Blackberry Releases Passport for Professionals

BlackBerry_Passport 3Last week Blackberry introduced the square-screened Passport phone, the first major new device introduced globally by the company since John Chen was named Chief Executive Officer in November. The Passport, which is geared toward professionals, is Blackberry’s attempt to concentrate on higher-margin services for corporations.

Maira Bay de Souza has over 10 years of experience as an IT professional, from small businesses to Fortune 20 companies. She says, “I think RIM is trying as hard as they can to save their sinking ship. I am not sure at this point if it will manage to stay afloat. From an IT development perspective, we write apps for the platforms where we can get the most number of users or the highest paying customers. In terms of user base, Android and Apple seem like the most logical choice. These are the platforms with the most users.

“However, big companies (who might prefer Blackberry due to its yet unbeatable security) also have big money. If I were offered to develop a highly specialized app for Blackberry for a big company, I would jump at the opportunity without hesitation. Whether the big and rich corporations will choose to stay with RIM remains to be seen. I personally (as a Canadian IT professional) hope that RIM thrives. More platforms mean more competition in the industry and also more jobs.”

Software engineer Neil Jacobson’s primary focus is specialized application development. “Before Apple made an enterprise push and before well-designed Android phones were available, Blackberry had fostered a great amount of goodwill in the marketplace,” explains Jacobson. “The arrival of well integrated and useful business apps for iOS and Android and RIM’s slower than slow response eroded that goodwill and their fans dissipated and moved on. Perhaps if RIM moves to Android and engages with that ecosphere they may rise again but it truly seems that their time has passed.”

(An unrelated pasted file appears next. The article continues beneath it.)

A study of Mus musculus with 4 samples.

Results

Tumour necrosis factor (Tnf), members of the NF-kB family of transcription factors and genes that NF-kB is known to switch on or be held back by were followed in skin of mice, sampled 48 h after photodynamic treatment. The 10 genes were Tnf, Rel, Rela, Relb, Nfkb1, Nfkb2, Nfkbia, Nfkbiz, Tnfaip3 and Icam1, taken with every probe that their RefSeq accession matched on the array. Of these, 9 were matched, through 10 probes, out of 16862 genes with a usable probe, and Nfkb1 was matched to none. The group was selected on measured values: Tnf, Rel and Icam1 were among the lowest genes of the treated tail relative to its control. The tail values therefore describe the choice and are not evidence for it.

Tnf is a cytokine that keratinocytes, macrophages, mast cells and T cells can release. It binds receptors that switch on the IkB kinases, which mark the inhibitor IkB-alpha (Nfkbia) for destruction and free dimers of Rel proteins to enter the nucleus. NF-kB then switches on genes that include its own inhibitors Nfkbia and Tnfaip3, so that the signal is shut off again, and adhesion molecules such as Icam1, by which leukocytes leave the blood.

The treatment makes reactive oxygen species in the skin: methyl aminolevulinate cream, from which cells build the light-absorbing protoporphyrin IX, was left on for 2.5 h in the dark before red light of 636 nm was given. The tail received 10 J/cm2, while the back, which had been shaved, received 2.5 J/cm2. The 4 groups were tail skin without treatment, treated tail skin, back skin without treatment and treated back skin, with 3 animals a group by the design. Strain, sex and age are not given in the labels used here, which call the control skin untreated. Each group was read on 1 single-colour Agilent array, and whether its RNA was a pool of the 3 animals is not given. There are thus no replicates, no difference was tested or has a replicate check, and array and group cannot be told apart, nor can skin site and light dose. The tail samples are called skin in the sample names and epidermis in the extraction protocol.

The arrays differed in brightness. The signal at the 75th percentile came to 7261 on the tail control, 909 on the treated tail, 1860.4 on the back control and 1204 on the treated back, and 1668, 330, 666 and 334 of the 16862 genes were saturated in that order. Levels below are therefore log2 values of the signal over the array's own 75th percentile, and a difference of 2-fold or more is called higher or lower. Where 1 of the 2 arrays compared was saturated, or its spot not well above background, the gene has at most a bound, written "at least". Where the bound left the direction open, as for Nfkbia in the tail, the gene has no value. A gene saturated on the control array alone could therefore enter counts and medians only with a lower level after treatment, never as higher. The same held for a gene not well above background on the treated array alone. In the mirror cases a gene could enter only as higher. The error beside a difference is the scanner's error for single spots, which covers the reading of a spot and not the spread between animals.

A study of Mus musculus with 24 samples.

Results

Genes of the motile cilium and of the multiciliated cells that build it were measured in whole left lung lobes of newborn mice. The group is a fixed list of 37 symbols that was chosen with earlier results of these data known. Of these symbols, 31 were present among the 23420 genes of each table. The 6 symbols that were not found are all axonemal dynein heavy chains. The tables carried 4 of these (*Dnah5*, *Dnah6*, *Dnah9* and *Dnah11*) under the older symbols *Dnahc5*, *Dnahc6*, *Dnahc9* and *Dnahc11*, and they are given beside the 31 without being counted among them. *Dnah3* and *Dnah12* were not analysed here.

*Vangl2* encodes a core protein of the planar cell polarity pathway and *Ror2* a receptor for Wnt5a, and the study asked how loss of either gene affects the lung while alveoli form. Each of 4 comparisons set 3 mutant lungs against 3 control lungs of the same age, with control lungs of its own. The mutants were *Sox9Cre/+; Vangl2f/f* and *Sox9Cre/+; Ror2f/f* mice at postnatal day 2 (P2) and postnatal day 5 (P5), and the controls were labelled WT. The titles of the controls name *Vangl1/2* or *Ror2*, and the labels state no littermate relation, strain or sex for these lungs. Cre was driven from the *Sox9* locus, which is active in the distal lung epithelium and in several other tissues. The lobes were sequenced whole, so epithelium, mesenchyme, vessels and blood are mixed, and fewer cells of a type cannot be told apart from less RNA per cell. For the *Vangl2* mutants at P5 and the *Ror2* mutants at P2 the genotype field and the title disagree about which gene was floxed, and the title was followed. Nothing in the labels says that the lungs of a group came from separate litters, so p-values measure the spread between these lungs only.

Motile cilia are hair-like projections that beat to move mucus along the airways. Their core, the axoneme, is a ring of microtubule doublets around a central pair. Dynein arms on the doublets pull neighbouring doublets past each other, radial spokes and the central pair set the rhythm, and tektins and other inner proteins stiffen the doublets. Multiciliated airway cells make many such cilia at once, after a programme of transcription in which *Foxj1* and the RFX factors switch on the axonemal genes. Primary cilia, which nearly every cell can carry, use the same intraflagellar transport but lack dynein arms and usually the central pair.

James Davis and his partner have over 30 years of combined cellular and telecom experience. In his opinion, “It’s far too easy right now to count BlackBerry out given the level of competition and mindshare for productivity in devices from competitors. That said, we should better understand their expectations.. They essentially have two options in branding and device development:

1. Leverage and cater the brand for what it has been great at (professionals) and hope to capture some of market share within that small slice of the pie.

2. Develop devices and platform interesting enough to sway users business users accustomed to the multiuse capabilities found amongst competitor devices and OS’s.

It seems they are addressing both of these well with the Passport. It’s different enough, has the iconic keyboard and still brings the business centric design front and forward. I do think they will have very loyal users buying the new device. But as we shift to convergence platforms and services outside of just a mobile phones, it may prove to be a difficult road ahead.”